BY ROBYN LOWEY
National Coming Out Day is over this year, but homophobia is still ongoing. A few years ago, a 13-year-old kid hung himself in the schoolyard at the same middle school that I attended. I remember my days in 8th grade there and how I desperately tried to pretend that I was not achingly in love with my female teacher. The week before that a 15-year-old girl at my old high school hung herself. I remembered causing trouble in those halls, showing up to class drunk and spinning donuts in the parking lot in my ‘65 Mustang. I was freaked out by the dykey PE teachers but at the same time longed to kiss my best girlfriend.
I felt odd and different and I had a terrible secret. I worried that I would be ostracized and hated by my family and peers. I honestly believed that being gay was despicable. After all, I had a boyfriend. I was sure that making out with my girlfriend at our sleepovers didn’t really count as gay, anyway. Fitting in during those years was the most important thing in my life. I never contemplated suicide but I was indeed tortured by internalized homophobia. Luckily, by remaining in a semi-state of denial, I was able to channel my fear and anxiety into hell raising rather than suicide.
I wonder what pushed these kids over the edge 30+ years later at the very same schools. It seems that children in our culture are becoming increasingly isolated and disenfranchised by relying on television, computers and social media more than human interaction. I know that I have to work harder than ever to stay in tune and engaged with my own kids.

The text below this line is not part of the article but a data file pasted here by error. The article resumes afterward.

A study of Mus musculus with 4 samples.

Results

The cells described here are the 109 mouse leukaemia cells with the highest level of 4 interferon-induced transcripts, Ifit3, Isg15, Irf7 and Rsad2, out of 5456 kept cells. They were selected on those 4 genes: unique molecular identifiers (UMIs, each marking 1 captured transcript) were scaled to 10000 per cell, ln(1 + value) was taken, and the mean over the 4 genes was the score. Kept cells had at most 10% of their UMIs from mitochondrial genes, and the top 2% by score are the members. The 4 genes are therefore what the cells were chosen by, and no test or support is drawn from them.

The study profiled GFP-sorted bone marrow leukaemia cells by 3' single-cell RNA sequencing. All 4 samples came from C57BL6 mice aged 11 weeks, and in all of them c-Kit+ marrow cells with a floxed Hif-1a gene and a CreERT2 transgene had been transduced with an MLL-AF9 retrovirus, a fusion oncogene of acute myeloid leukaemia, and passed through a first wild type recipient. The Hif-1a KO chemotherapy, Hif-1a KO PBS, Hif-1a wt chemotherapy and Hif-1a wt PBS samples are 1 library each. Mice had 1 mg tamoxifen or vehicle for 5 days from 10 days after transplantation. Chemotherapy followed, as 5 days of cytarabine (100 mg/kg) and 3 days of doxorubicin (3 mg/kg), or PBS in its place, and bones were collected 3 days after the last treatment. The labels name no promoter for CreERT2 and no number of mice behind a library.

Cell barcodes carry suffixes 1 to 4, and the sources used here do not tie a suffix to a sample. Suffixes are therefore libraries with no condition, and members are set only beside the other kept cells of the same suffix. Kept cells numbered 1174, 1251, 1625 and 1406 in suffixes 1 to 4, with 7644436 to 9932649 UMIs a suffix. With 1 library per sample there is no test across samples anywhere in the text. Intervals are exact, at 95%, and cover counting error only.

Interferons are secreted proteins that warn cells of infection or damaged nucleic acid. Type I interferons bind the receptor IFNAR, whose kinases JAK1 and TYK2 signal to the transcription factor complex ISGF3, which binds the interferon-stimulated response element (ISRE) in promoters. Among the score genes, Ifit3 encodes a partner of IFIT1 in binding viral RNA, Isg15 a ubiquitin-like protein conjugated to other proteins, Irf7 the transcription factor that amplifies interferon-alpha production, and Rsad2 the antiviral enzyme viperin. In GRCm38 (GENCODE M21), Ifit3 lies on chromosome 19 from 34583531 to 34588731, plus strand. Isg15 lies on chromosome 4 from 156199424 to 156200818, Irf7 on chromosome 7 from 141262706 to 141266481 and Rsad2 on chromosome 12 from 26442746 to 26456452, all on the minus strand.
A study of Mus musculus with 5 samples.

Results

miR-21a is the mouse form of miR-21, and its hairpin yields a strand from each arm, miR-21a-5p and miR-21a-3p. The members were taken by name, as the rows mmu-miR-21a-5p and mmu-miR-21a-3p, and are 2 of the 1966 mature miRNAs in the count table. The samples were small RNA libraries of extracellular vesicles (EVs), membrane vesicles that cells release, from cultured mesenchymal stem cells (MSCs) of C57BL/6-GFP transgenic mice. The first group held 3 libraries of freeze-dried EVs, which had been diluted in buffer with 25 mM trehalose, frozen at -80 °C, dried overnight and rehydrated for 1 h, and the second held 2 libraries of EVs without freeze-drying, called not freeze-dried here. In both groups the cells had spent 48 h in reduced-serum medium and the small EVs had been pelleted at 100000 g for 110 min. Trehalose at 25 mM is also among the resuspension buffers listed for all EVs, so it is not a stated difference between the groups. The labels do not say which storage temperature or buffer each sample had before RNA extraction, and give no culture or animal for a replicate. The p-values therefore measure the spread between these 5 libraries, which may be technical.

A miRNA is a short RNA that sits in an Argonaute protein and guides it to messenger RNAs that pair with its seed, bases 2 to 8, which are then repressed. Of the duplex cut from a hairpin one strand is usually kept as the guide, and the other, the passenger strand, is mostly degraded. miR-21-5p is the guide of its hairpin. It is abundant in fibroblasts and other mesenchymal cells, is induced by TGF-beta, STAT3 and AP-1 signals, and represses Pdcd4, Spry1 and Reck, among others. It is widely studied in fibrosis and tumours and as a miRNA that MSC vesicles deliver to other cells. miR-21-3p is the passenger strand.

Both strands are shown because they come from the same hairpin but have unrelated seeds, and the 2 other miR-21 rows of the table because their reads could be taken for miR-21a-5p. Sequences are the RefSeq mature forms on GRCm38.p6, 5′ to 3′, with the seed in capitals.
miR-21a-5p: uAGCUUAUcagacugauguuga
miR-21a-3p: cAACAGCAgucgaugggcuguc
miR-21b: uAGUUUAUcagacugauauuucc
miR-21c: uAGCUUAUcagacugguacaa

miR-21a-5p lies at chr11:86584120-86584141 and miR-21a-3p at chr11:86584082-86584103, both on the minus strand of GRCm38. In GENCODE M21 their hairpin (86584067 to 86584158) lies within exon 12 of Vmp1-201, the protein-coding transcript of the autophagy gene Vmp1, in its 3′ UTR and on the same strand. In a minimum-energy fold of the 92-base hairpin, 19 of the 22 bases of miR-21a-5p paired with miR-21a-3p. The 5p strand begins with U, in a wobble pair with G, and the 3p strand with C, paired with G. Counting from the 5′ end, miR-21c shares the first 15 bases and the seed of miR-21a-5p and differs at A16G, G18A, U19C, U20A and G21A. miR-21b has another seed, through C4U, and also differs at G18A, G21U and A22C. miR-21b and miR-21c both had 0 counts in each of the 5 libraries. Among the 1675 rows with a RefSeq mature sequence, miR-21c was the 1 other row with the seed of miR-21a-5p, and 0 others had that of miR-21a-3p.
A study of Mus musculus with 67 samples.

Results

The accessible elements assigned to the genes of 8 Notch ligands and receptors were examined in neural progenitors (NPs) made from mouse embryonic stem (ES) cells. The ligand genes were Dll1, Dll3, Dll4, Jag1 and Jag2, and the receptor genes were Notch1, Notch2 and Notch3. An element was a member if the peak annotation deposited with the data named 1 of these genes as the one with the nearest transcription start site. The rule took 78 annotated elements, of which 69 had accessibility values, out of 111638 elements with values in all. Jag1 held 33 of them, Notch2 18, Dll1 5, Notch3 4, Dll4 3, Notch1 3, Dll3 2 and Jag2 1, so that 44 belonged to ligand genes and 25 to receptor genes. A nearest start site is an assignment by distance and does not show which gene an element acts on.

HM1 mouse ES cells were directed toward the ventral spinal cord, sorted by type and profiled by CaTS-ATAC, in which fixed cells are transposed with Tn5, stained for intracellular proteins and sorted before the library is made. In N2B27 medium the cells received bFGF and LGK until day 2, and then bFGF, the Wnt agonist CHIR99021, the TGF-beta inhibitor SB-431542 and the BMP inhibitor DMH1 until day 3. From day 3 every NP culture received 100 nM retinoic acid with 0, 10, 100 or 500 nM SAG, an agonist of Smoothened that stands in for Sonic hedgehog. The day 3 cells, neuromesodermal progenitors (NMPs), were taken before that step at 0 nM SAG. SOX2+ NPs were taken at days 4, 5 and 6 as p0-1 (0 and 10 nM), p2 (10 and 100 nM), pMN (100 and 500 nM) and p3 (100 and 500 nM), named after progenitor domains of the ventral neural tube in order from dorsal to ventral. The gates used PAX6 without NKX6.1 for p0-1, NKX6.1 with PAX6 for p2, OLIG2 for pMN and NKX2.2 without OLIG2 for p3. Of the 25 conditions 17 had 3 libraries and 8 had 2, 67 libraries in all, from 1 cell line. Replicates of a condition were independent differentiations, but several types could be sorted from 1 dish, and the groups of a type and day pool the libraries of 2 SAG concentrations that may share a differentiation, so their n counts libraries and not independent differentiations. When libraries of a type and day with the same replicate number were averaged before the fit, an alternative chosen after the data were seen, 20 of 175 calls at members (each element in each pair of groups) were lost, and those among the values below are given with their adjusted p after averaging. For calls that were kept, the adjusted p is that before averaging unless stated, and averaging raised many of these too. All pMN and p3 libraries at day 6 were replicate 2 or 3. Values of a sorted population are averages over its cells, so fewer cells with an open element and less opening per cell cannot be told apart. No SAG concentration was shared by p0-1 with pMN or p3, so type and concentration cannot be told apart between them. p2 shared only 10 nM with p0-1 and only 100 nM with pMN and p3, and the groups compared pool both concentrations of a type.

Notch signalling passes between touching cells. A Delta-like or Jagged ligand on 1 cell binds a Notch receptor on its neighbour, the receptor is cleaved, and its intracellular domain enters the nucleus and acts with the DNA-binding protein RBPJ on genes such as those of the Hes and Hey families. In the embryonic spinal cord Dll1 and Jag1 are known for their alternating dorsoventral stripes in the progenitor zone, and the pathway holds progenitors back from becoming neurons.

A headline in my local newspaper read, “Schools Urge Vigilance in the Wake of Recent Suicides.” The article went on to talk about keeping the lines of communication open with our teens and looking for the warning signs of suicidal depression. All good stuff, but there is so much more that isn’t being said.
Not a single word in the article was about bullying, common use of gay, racial and sexist slurs, incest, child abuse or drug and alcohol abuse. Those were the main issues my friends and I faced when we were growing up and I’m pretty sure they are the same issues that kids face today. Are these taboo subjects? Are kids quietly offing themselves because they think no one understands how they feel?
I’m a parent of teenagers, coached the local kids in sports and I’ve seen my share of troubled kids. I believe that my being out of the closet in the small community I live in is seriously a matter of life and death.
We need more organizations like Spectrum, the Marin County LGBT Center, to be invited into the schools. As a volunteer for Spectrum I go into the schools to talk about being a lesbian, and to help dispel myths and stereotypes about the LGBT community.
Helping the kids be more aware is one thing, but it needs to start with the parents and the educators. Adults need to name the problem and provide zero tolerance for hateful talk of any kind. Whether somebody seems gay, is overweight, has a different ethnic background, sucks at sports, walks with a limp or has a learning disability, we need to set the example of inclusiveness and teach our kids to look for our similarities instead our differences.
Until that day, kids will continue to take their own lives before they’ve ever had a chance to grow up. As adults, it’s our collective responsibility to lead the way by example. Living life out of the closet is not for everyone, but I am grateful that my friends and family accept me exactly as I am.